Inhambane

Sleepy East Africa
The whale shark ‘Mecca’
Dhow fishing boats


Inhambane, Mozambique

Lying on Mozambique’s tropical east coast, Inhambane (pronounced In-yam-baan) is one of the sleepier destinations on your MSC Cruises’ South Africa cruise holiday. 

Those for whom ‘holiday’ means ‘relaxation’ will be happy sitting, drink in hand, at the harbour as they watch the local sailing boats, or dhows, glide gracefully into the port, which is home to one of East Africa’s largest dhow fleets.
Imhambane is also one of the best diving locations in the world, with regular sightings of giant whale sharks, turtles and manta rays. Bazaruto National Park, the largest sea park in Africa, is to the north, Manta Reef and Gallaria nearer by, while Tofu Beach to the east provides the closest diving, and is also known as the whale shark Mecca of the world.

One of the oldest coastal settlements in Mozambique, dhows have traded here since the eleventh century. The first European to visit was Vasco de Gama in the late fifteenth century, who took an instant liking to it, and named it Terra de Boa Gente, which means ‘land of the good people’. You’ll see why as you peruse the stalls in the local market, or mercado, munching away on cashew as you take in the colourful array of spices, vegetables and sea food.

Over the years it grew to become a major trading centre, but then declined in the twentieth century to become today’s dreamy town, where for sightseeing you can take in the museum, the mosque, or the cathedral in the old town, where a rusty ladder leads up to the spire.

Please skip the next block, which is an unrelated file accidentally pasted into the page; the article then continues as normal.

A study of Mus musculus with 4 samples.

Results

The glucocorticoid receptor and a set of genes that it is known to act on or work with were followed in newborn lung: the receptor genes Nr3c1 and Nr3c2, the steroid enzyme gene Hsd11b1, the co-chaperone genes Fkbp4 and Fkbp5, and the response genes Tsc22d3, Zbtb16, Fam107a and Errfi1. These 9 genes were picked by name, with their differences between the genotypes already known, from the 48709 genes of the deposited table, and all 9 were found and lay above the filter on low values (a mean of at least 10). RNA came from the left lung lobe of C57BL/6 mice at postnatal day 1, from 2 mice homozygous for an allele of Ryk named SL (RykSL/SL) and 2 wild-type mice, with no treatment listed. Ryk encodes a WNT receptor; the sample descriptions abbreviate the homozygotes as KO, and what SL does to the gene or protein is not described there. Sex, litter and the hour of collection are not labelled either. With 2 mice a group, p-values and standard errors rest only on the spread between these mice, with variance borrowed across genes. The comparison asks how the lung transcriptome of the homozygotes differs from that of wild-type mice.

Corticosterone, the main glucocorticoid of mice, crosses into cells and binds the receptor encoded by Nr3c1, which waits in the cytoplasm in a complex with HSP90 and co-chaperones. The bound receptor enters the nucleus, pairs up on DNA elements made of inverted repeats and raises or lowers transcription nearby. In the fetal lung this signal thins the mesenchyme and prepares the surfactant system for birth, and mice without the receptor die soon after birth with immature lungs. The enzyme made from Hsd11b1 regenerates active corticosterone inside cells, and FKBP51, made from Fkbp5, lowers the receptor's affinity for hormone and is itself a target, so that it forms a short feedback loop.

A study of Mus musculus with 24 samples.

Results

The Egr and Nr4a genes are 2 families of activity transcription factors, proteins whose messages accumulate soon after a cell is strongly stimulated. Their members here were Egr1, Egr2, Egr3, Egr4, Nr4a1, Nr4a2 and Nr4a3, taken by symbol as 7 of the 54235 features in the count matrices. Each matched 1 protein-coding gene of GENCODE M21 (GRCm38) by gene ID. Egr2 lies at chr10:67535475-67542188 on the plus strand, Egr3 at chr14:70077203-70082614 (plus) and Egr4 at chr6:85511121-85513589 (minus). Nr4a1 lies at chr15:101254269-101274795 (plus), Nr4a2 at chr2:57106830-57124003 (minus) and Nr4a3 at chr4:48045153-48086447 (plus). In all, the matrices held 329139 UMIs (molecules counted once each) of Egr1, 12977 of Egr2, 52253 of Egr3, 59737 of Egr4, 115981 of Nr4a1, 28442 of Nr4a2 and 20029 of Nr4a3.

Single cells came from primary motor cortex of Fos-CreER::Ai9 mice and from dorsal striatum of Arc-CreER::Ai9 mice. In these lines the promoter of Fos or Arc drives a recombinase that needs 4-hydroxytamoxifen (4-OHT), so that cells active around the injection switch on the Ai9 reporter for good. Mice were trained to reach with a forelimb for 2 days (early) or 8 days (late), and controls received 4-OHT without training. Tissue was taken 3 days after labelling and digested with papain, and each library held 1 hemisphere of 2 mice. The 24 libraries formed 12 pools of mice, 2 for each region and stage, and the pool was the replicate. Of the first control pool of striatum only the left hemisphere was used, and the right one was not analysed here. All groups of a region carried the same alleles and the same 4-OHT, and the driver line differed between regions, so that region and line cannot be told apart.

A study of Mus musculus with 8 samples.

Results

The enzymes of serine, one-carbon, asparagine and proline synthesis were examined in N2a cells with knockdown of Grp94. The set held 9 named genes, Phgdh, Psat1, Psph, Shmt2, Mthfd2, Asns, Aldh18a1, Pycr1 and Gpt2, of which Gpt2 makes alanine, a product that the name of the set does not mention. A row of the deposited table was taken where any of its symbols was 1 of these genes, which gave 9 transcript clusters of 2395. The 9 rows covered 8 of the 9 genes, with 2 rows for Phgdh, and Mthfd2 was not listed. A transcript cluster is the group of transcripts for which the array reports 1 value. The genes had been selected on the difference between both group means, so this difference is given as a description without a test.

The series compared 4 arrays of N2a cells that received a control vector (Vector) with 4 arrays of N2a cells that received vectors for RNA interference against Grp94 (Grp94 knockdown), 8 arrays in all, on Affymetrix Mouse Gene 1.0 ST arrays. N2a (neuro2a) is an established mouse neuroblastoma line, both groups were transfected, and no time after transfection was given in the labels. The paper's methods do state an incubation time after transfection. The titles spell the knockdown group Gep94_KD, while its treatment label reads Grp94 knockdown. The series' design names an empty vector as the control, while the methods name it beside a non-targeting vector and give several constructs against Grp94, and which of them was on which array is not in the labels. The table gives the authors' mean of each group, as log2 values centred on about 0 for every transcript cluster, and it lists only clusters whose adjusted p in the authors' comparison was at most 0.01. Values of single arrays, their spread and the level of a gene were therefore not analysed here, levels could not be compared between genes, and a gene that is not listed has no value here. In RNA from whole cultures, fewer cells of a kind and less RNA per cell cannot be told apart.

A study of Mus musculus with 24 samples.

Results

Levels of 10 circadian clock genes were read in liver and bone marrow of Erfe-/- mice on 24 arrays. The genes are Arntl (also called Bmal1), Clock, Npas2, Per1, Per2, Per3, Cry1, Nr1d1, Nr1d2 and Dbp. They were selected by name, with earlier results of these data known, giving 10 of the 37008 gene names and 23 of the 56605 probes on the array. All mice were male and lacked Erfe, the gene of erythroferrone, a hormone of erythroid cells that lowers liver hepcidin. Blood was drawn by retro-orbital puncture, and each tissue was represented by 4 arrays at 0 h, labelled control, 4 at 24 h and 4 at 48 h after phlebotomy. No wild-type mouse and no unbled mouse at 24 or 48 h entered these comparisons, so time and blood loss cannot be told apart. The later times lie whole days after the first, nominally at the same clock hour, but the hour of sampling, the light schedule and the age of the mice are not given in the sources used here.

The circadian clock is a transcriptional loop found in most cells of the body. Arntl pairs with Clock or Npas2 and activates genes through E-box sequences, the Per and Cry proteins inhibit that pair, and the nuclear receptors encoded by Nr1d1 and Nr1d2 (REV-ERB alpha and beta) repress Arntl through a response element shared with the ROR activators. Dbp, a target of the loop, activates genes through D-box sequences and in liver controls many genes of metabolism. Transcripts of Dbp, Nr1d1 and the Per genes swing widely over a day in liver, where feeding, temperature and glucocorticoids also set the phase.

Indulging in the shade of a baobab
    Indulging in the shade of a baobab

    A holiday to Mozambique means getting to know an authentic part of Africa which also has a strong Portuguese influence.

    It is a land which can mutate in just a few kilometres, from its white sands with the coral reef of the Indian Ocean, to its plateaus and mountains which almost reach 3000 metres, or to the legendary Rift Valley, the cradle of the human race, which lies in the centre of the country.

    Here, the population is cheerful and hospitable. The territory is shared by colonial cities and villages made up of huts, baobab and mangrove forests, unspoilt archipelagos and great natural reserves. Historically belonging to the Portuguese, on a cruise to Mozambique you will be struck by the charm of its inhabited colonial towns with palaces, fortresses and churches which are a medley of African, Arab and Indian influences.

    What strikes those who arrive by sea, however, are its 3000 km of coastline, which include some of the Africa's most beautiful beaches. It is a picture of a typical tropical holiday: white sands, crystal clear waters and palm trees gently swaying in the breeze. There are also islands to explore, real gems like Bazaruto, Benguerra, Magaruque, Santa Carolina, or Inhaca. Places where divers and snorkelers alike will find plenty to do and see. The island’s marine life will make for some interesting excursions too with dolphins, humpback whales, dugongs (sea cows) and green and loggerhead sea turtles.